Jewi Refugee Camp: A History and Overview

The Jewi Refugee Camp, nestled in the remote hills of western Ethiopia, stands as a testament to human perseverance and the complexities of global refugee issues. Established during the Ethiopian civil war of the 1980 vicissfe regime and continuing under successive governments until 1999, the camp witnessed unprecedented suffering and displacement. Despite its closure, its scars remain etched in the history of Ethiopian Jewry and the broader international refugee regime.

Origins and History

The Jewi Refugee Camp originated during the Derg regime as a detention and forced repatriation center for Ethiopian Jews—known as Beta Israelis—who were targeted under suspicion of collaborating with foreign powers. Conditions in the camp were dire, and inmates faced rampant disease, starvation, and torture. Many died due to overwhelming poverty and a lack of basic necessities.

Closure and Aftermath

In 1999, following international and diplomatic pressure, the camp was finally closed. Nonetheless, the plight of Ethiopian Jews persisted. Many camp survivors faced uncertain fates in neighboring countries, struggling to rebuild their lives.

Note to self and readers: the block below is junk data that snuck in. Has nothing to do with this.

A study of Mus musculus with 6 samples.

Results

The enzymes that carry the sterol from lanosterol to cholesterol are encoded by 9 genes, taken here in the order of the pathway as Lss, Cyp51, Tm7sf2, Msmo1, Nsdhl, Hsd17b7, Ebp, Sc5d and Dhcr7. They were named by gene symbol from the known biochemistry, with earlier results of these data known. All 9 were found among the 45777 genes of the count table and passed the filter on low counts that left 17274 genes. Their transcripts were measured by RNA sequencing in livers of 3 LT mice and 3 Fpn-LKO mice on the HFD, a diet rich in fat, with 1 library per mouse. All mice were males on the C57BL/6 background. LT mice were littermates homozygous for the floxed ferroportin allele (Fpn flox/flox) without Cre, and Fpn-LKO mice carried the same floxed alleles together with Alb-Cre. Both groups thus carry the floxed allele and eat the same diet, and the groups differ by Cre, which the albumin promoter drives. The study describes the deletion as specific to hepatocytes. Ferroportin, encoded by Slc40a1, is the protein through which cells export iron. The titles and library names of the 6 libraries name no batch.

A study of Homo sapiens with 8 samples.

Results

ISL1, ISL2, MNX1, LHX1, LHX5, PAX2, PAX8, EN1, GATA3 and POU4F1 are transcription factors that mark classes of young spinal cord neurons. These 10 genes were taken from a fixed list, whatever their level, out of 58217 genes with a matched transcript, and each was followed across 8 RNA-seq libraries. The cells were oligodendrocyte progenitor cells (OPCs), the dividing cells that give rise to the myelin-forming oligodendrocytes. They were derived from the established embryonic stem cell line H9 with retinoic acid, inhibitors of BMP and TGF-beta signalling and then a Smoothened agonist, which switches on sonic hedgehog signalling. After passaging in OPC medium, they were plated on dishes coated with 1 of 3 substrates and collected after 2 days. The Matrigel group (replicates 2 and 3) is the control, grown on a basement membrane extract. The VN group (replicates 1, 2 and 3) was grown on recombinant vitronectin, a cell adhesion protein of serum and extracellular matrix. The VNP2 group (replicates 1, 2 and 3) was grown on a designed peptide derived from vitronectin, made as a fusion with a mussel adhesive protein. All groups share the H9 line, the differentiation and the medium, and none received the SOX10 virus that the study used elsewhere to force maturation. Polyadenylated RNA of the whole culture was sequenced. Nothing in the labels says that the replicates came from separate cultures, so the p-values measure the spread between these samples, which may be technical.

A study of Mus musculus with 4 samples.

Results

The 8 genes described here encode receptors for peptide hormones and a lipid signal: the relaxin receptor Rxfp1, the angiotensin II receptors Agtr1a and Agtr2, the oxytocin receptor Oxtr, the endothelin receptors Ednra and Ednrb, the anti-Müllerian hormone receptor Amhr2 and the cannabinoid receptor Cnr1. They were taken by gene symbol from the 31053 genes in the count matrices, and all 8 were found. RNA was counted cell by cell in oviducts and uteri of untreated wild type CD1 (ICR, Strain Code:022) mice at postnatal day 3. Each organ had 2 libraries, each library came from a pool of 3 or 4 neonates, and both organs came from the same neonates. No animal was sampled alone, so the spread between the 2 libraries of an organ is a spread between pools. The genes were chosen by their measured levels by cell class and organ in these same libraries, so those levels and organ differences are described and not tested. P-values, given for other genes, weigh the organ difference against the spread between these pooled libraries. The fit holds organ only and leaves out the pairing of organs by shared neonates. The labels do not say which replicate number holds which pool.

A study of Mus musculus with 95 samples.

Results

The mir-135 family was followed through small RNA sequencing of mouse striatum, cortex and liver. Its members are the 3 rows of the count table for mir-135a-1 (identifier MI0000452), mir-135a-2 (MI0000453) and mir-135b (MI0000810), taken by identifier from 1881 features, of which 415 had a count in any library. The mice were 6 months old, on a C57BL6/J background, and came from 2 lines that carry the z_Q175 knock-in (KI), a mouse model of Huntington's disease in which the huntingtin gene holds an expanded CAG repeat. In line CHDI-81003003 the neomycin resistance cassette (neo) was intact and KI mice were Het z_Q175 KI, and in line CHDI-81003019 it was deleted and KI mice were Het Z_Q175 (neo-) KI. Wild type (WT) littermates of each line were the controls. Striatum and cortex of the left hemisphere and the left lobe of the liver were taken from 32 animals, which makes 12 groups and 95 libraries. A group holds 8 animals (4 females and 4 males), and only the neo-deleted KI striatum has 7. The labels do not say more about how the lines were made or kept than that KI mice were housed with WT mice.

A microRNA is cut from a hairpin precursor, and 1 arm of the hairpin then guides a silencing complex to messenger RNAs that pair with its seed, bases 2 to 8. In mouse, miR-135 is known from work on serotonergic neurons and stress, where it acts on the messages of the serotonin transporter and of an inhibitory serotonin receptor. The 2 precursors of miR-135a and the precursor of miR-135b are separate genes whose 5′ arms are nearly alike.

Current Situation and Significance

Today, the Jewi Refugee Camp stands as a haunting symbol of the devastating consequences of conflict and political oppression. The Ethiopian government has promised to address the injustices of the past and ensure lasting peace and stability. Meanwhile, the global community remembers Jewi as a turning point in the history of refugee protection.


Q: When was the Jewi Refugee Camp closed?

A: The camp was closed in 1999.

Q: Where is the Jewi Refugee Camp located?

A: It was located in western Ethiopia, in the Jimma Region.

Q: What were the conditions in the camp?

A: Conditions were austere and overcrowded. Inmates faced rampant disease, starvation, and torture.

Q: Who were the primary inhabitants of the camp?

A: Ethiopian Jews, known as Beta Israelis.

Q: What is the legacy of the Jewi Refugee Camp?

A: The camp serves as a reminder of the human tragedy of forced displacement and continues to raise awareness about the plight of Ethiopian Jews and the need for lasting solution to refugee crises.

Q: What are the Ethiopian government’s plans for the camp’s future?

A: The Ethiopian government has promised to develop a memorial and cultural center on the site of the camp to commemorate its victims and promote reconciliation.